WILMINGTON — Basile Katsikis is known mostly for standup comedy he’s been performing (in both Greek and English, nonetheless) worldwide over the last few decades. In Wilmington, however, his family’s membership to St. Nicholas Greek Orthodox Church keeps him bustling in a different manner. Every year, he helps with spring’s annual Greek Festival and its follow-up fall event—a smaller, drive-thru option.
Though the pandemic canceled the three-day May festival, which normally welcomes more than 20,000 people, the drive-thru will press on through Sunday and has expanded into three service lines instead of two.
“I’d love to say we will be serving 20,000 cars this weekend, but I’m afraid I’d be lying,” Katsikis said. “I came up with the drive-thru concept five years ago because my mother is handicap.”
The main festival, located on the church grounds at 608 South College Rd., wasn’t as easily accessible for wheelchairs because of the sheer amount of people. Tents would spill over with attendees buying food, watching bands, dancing, and purchasing Greek wine and beer.
Katsikis decided a drive-thru would work to serve anyone who didn’t want to fight the crowds. The May festival offers this option, but eventually it evolved into a separate fall spinoff as well. The menu is abbreviated in fall to only moussaka, spanakopita, gyros, patstitio, tiropita, dolmathes, and pastries.
“We also sell a sampler platter for folks who want a taste of it all,” Katsikis said Friday. “We opened only 15 minutes ago and already a line has begun.”
Though St. Nicholas lost funds from May’s event, the logistics already were in place for festival directors Nick Saffo and Lee King to continue forward with fall’s drive-thru safely under Covid-19 restrictions.
According to Father Steven Klund, St. Nicholas has been hosting Covid-compliant Sunday sermons since the end of May, too.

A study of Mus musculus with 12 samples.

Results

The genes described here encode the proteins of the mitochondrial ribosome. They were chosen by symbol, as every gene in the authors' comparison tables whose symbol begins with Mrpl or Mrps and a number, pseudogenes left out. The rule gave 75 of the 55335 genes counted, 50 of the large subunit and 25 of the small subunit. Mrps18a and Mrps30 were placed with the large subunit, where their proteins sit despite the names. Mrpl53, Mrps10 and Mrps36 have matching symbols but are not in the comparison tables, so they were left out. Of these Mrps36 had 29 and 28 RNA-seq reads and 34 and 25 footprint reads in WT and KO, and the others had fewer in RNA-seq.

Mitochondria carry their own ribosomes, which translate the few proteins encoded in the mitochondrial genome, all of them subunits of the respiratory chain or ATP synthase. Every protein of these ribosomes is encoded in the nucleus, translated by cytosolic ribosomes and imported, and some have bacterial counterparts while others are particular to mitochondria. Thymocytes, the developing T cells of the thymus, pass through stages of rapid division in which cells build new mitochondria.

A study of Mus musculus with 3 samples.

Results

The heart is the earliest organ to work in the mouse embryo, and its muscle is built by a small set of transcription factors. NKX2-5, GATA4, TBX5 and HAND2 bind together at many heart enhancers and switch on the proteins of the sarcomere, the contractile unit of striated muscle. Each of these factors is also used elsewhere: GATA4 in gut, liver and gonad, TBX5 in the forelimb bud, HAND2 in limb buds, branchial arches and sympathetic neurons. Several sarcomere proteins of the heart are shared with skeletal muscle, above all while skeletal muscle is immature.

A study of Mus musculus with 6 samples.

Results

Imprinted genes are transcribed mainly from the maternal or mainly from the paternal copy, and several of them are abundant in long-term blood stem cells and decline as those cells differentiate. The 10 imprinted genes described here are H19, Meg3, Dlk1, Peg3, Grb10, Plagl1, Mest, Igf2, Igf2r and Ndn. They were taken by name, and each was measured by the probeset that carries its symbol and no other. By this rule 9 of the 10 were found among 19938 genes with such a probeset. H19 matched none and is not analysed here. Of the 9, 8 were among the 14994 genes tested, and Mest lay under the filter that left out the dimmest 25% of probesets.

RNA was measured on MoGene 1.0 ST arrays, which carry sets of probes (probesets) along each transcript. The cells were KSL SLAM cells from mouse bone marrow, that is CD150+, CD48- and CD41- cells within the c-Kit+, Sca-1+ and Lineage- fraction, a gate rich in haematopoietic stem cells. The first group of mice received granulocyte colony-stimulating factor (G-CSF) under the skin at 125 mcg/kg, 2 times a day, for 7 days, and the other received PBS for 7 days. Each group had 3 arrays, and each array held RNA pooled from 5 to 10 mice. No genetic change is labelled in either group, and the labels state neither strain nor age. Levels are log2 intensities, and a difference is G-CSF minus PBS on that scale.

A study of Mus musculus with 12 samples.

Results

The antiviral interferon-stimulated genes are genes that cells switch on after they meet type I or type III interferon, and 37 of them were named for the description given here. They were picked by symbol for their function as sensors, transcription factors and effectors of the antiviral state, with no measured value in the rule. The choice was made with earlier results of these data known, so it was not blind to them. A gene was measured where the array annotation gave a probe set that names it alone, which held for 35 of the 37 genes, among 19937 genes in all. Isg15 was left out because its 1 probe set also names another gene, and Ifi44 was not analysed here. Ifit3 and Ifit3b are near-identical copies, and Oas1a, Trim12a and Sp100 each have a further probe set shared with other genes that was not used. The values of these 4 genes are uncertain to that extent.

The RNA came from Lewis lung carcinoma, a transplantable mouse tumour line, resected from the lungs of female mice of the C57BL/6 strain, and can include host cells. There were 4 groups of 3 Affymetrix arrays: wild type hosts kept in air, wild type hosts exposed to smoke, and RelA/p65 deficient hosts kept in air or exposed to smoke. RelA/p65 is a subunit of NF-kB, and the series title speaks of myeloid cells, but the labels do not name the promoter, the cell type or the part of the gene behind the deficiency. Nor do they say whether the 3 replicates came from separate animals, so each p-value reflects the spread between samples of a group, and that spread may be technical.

“We screen everyone, and take temperatures when they come in, hand out masks if they don’t have one,” Fr. Klund says. “We also have them sign a waiver with emergency contact info. We follow the same protocol for baptisms and funerals.”
Pews are marked 8 feet apart to seat families, and St. Nicholas offers spaced-out overflow seating in a separate room outfitted with a projector to livestream the homily.
“We haven’t had any setbacks so far,” Fr. Klund said.
The church served a congregation of 240-250 before the shutdown, and today they welcome 80 parishioners, give or take, weekly. They all chip in to help make the food for the Greek Fest. Katsikis confirmed they’re also moving forward with planning 2021’s May event.
“Sure, we do it as a fundraiser,” he said, “and like every church community, everything is tight financially right now.”
Though the real payoff, according to Katsikis, comes in bringing together the community, giving folks a positive experience and of course a taste of Greece. “It’s important to have some fun—we have to keep that spirit going.”
The Wilmington Greek Festival Drive-Thru is open Oct. 23-25, between 11 a.m. and 8 p.m. Friday and Saturday, and 11 a.m. to 5 p.m. Sunday.